By Dr Christine Dauber
The spirit engendered by the October Beyond Books event Beauty Beyond Bali was extraordinary. From the moment that Carla van Lunn and her team of fellow fashion industry specialists entered the Brisbane Club, there was an air of anticipation for what was ahead. The President’s Room was taken over by hyer talented friends who had volunteered their skills in hairdressing, styling and makeup to make this evening a spectacular success. The goal for Carla was two pronged: to launch her own batik range “Soul Song” whilst introducing the work of talented Indonesian designer, Wahyu Subiyantoro Soediro. This sense of collaborative support was no more obvious than in the vote of thanks delivered by Brisbane designer Pia du Pradal when she graciously offered to assist Carla in her future endeavours. This was followed by numerous interactive suggestions from enthusiastic members and guests. From Brisbane to Jakarta, the following comments endorse the success of the event.
Impressions of Beauty Beyond Bali
Dr ESally Vickery
The Brisbane Club’s evening, Beauty Beyond Bali, featuring the bespoke Batik clothing of Carla van Lunn, was very enjoyable and Christine and the Beyond Books team are to be congratulated for such an entertaining function.
Carla’s explanation of the production of batik by both tjanting and a cap (copper plate stamp) methods engaged both those who were familiar with batik making and those who weren’t. Her love of fabric and of creating and sharing interesting designs, coupled with her charming personality and technical expertise made her an incomparable compere of the fashion parade of her new contemporary bespoke Batik clothing. For those who are conversant with the technophilic nature of contemporary Indonesian society, her story of conducting all her business by WhatsApp was an additional treat!
While at first glance partnering with Madurese batik makers might seem surprising, in fact it is sensible. The land in Madura is not suitable for agriculture and therefore the island has become a manufacturing centre for nearby Surabaya. This region has been a sight where there is trading with people from other cultures and countries for centuries. Consequently, the so-called “coastal batik” traditional designs with their vibrant colours reflect European, Persian and Chinese influences. Madurese batik makers have a reputation for being innovative in their approach to their craft.
Carla’s choice of colour is clever, since using royal blue and black with designs in white immediately distances her fabrics from traditional batik cloth usually marketed to tourists. Furthermore, her emphasis on process of batik making, rather than semiotics, makes commercial sense for an Australian market. I wish her every success in her venture.
Lynne Moody (Guest)
Carla van Lunn is a ‘Wunderkind.’ Her expanding exploration into the fashion world was on show at the Brisbane Club for all to see. ‘Beauty Beyond Bali’ exposed us to her talent, passion and her use of batik to create something new in the fashion field. There was an element of surprise abroad! We were impressed by the beautiful clothes, the models and her most interesting talk about her journey to get to where she is ‘now’. She had everyone enthralled. Congratulations to all involved in the enterprise.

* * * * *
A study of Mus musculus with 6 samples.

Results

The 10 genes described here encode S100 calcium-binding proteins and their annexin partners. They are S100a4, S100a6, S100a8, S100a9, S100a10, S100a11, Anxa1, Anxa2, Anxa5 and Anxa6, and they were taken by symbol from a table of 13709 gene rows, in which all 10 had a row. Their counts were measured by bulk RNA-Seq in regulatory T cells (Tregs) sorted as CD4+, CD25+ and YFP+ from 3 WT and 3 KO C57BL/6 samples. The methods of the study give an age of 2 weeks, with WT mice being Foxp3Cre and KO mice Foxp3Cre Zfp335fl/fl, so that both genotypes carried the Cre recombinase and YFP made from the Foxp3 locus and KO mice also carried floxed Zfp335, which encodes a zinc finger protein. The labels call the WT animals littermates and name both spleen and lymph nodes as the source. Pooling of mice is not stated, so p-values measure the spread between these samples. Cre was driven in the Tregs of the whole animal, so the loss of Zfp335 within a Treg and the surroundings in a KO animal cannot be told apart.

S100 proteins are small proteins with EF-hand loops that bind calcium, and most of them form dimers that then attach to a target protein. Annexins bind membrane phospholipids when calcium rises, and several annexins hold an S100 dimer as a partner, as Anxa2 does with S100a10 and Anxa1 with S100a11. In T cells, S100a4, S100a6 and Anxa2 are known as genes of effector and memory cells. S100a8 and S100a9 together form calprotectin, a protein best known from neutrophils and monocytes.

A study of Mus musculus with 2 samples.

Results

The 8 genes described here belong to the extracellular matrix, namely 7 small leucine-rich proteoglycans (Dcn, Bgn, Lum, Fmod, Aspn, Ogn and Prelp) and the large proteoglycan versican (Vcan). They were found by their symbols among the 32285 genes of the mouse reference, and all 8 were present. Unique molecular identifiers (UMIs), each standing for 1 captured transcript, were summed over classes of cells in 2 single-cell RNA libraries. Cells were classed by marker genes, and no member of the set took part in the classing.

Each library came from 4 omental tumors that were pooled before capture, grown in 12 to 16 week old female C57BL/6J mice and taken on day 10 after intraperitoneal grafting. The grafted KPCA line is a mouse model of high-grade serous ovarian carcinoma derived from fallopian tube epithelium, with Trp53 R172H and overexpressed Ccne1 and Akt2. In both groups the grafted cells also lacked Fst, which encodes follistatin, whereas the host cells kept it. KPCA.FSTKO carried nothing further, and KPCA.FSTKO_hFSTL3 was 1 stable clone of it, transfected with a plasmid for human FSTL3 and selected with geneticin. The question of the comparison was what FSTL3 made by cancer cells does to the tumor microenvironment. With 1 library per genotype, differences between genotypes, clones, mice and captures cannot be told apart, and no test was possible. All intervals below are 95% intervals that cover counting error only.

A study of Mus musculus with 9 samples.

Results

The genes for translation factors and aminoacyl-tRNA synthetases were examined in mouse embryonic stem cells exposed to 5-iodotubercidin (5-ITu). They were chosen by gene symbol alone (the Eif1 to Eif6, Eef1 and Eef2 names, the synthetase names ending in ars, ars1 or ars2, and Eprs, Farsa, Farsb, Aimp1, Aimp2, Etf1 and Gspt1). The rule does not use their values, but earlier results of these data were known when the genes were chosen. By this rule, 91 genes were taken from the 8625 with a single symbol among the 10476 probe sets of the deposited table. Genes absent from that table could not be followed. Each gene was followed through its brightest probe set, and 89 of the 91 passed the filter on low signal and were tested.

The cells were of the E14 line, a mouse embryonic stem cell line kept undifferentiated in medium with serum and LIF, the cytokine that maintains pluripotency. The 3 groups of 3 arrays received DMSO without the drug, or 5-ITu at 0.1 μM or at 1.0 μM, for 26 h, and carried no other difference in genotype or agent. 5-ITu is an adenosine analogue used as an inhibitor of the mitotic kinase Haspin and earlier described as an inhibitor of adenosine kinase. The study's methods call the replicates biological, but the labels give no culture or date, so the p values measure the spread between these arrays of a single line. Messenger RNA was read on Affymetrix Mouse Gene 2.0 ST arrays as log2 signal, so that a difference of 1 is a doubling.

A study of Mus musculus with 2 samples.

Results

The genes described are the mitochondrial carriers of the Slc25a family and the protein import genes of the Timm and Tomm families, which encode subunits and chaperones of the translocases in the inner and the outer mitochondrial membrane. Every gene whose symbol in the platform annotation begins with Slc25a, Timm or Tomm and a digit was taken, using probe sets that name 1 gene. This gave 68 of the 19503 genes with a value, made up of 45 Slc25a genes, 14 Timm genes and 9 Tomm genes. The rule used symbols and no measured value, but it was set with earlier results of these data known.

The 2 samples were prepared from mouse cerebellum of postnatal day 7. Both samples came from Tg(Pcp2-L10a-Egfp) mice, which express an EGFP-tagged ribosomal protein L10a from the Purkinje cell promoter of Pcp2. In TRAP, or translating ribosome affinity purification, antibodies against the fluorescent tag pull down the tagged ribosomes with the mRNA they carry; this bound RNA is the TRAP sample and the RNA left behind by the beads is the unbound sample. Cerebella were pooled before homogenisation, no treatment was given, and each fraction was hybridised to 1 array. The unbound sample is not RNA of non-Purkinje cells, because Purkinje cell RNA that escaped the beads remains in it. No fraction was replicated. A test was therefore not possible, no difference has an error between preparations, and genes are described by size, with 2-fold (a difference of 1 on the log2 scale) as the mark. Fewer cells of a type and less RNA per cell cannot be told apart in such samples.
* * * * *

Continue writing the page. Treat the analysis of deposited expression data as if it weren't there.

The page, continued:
Greg Vickery AO
The recent Beauty Beyond Bali Dinner at the Brisbane Club which featured a brilliant display of modern batik fabrics and wearing apparel reminded my wife Dr ESally Vickery and myself of my 7 years as the Honorary Consul for Indonesia in Queensland which began in 1999. During that period, we visited Indonesia many times and holidayed in many different parts of the archipelago including Sumatra, Sulawesi, Lombok, Komodo, Krakatau and Flores. As ESally has a keen interest in fabric art we visited many local small factories and private houses where textiles, including batik, were being produced by local people. We were always warmly welcomed wherever we went. Indonesia is a great place to visit and there is so much to see beyond Bali. It is a country whose national motto is “unity through diversity” and that can be readily observed. While it is the largest Moslem country in the world it is mostly a very moderate form of Islam and 10% of the country is Christian and there are many Buddhists and Hindus as well. Remarkably there are national holidays based on all 4 religions and religious toleration is plain for all to see. The great Mosque in Jakarta sits over the road from the city’s main Roman Catholic Cathedral and people of both faiths have for several decades worshiped peaceably side by side. Indonesia readily embraces change as was evident with these very modern and contemporary batik fabric designs at this wonderful club dinner organised so thoughtfully by Dr Christine Dauber.
Carla Van Lunn
The reception at The Brisbane Club was tremendous. Guests included Greg Vickery AO, former Honorary Consul for Indonesia in Queensland, and Brisbane fashion designer and entrepreneur, Pia du Pradal, who both gave closing remarks.
I gave an in-depth presentation about Indonesian batik, and brought the making process to life with videos of the artisans creating the fabric. The fashion presentation was followed by an Indonesian buffet dinner. Special thanks go to Dr Christine Dauber and the Beyond Books Group for inviting us to present at The Club.